Above you is a real post which I wrote during a breakdown mid-way through an all-night essay session during my 3rd year. I did hand the essay in at 11:30 the next day so I did not have any marks deducted, but the feelings shown in this post were typical of my most difficult times writing essays. I found it impossible to find a strong coherent thread of argument which could be supported by a balanced argument based on evidence.
However, with a few key changes to my style of research and writing, I managed to gain first-class marks in all 3 of my essays in 4th year.
The 6 most important insights which I can provide for anyone who wants to make the best essay possible in the midst of chaos.
Read the course handbook from end to end
The course handbook made a huge difference to my essay grades in my final year for three primary reasons:
Most of the exact presentation details, from where it would be so easy to unnecessarily throw away marks, are contained in the course handbook. So make sure that you take sufficient time to understand the exact requirements for your essay presentation such as font, margins, title heading etc.
In my history course outline there was a long list of primary sources available at my University, which could be used to develop a strong argument. So check the course handbook first before starting to search online for sources which could turn out to have low academic validity. Time is critical and this one step will get you better evidence for less complex searching.
Make sure that you see tomorrow’s article for boosting your grade by using primary evidence and other methods for increased originality.
On occasion I have had the surprise of meeting a student who did not know where to find useful texts outside of the seminar notes on this particular essay topic. If you know your course handbook well then you will know that almost every useful available text is listed in it.
This is why I stated in Article 4, that you should always start by looking at the most recent publication related to your topic, because you will have a reference source for the essential and supplementary literature on each topic that you do.
Be critical of your research and writing style
As I mentioned in Article 4, I had to learn to embrace the chaotic process of interpretation that went through my mind. I could never learn to write out a complete essay from a plan, because things which appear to be good ideas can prove to be wholly insufficient when you begin to write them as an essay and seek to make a strong cohesive thread of argument.
Don’t be tempted to write large long-winded sentences containing several points. Keep it at one point to one sentence. Shorter sentences make it a lot easier for your marker to read and review.
Make reviewing essay drafts part of your daily schedule
If you wait until the day of the deadline to fix the errors in your spelling and grammar or complete your referencing or finalise the presentation style in your essay specified in your style guide, when you are already exhausted, then you will inevitably lose marks that would otherwise be yours for the taking.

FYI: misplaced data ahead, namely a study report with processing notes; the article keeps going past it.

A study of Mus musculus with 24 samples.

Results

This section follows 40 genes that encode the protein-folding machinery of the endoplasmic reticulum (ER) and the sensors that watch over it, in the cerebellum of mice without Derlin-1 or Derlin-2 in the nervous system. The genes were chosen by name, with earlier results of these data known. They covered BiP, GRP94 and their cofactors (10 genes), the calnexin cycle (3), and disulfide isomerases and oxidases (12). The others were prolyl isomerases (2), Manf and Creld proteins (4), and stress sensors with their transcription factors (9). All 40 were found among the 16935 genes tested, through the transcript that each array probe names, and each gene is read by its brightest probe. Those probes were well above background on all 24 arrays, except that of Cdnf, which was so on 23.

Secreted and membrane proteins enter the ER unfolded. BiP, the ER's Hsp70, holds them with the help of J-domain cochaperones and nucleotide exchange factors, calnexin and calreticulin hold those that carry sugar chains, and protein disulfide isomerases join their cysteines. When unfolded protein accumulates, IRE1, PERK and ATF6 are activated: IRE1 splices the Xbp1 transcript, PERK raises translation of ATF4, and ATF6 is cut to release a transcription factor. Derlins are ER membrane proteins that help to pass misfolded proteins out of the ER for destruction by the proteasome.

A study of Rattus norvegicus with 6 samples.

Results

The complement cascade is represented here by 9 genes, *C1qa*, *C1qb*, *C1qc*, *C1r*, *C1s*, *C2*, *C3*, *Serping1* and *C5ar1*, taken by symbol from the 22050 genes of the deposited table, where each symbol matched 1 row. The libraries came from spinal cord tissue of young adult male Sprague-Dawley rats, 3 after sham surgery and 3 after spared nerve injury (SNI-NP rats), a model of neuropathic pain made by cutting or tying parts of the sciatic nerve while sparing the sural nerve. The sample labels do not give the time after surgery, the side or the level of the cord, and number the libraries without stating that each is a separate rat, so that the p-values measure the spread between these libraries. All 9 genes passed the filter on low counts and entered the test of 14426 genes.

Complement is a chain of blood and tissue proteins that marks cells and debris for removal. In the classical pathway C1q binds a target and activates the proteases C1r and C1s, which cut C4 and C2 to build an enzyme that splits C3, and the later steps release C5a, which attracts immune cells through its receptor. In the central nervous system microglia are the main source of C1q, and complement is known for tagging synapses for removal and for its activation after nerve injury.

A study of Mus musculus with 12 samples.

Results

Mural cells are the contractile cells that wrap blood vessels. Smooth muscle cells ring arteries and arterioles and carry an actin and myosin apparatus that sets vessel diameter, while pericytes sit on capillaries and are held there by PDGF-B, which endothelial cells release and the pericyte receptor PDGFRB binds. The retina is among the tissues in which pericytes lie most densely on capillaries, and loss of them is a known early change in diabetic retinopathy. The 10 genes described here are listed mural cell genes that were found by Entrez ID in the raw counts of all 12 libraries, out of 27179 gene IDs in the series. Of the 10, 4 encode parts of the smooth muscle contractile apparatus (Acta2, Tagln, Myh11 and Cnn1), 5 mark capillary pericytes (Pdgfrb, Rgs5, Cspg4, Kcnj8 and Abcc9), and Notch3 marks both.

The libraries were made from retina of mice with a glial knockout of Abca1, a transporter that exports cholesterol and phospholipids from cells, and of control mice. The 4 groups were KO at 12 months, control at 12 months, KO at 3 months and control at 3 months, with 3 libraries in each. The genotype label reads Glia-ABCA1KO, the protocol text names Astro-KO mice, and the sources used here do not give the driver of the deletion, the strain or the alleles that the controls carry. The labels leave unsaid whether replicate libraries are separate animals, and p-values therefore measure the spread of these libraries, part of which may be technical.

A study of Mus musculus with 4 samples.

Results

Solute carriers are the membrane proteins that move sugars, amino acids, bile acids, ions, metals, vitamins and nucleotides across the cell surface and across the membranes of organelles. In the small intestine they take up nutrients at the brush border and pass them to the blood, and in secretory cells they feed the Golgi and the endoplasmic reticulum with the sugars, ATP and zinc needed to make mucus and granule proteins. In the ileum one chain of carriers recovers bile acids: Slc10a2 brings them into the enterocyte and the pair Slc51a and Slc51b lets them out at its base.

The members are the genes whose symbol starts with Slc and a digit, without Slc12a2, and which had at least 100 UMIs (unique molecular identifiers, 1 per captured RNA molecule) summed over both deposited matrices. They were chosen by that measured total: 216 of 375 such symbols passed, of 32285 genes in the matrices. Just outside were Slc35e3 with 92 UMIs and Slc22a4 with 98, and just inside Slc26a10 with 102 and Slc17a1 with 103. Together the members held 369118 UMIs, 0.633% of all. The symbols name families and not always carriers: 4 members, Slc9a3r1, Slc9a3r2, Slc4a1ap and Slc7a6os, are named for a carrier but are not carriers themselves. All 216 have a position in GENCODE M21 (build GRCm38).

As an added tip, if you can get relatives or friends to look over your work then you will have a distinct advantage. You can get advice on the topic itself, from people in your course, as well as spelling, grammar, and the strength of the argument that you have put forward.
If you make an arrangements with friends, then make some time for reviewing the essay of the person(s) who have reviewed your essay.
Keep an ideas sheet
Just like in Article 4, the importance of an ideas sheet cannot be overstated. It is the ideas sheet which allowed me to tie together the arguments which I found into a cohesive structure which could be convincingly reinforced by the evidence.
Know when to stop researching
It is often very tempting to keep adding new evidence in the hope that your marker will give you a better grade for it. However, more evidence at the expense of a well-developed argument is not the best strategy for increasing your grade.
As a history student the essential rule for me was that each paragraph had to be reinforced by primary evidence as well as examining the reasons for the point of view taken by each important academic source. However, even for other subjects you should have essential conditions for making a strong argument in each section of an essay and then stick to them. That way you will know when you should begin concentrating on reviewing your argument to make it cohesive.
Write your essay with an objective tone
In essays which I have previously reviewed I have seen two main issues on objectivity which you would be well advised to avoid:
Unless stated otherwise, never speak in the first person:
Unless you have been specifically tasked with writing about your experience, throughout the whole of an academic essay or even just part of one, then the vast majority of markers will penalise you for writing with words such as “I, me, myself … etc.”.
Even though it is your essay and your argument, you should always write an essay as if your answer to that specific question would be correct under all circumstances.
So never write a conclusion as “Due to the trends observed in the evidence I believe that…”.
Always write a conclusion as “The trends observed in the evidence suggest that (….)”.
Avoid sweeping conclusions:
Remember that when you are writing an essay your objective is to be is such strong command of the evidence that your argument is more difficult to challenge. This means acknowledging the gaps in the evidence as well as the strong parts, which allows you to produce a realistic conclusion.
In the summer of 2015, one book changes my whole approach to researching and writing history essays:
- Marius, Richard and Page, Melvin E. (2012), A Short Guide To Writing About History: Eighth Edition. Pearson Education Inc.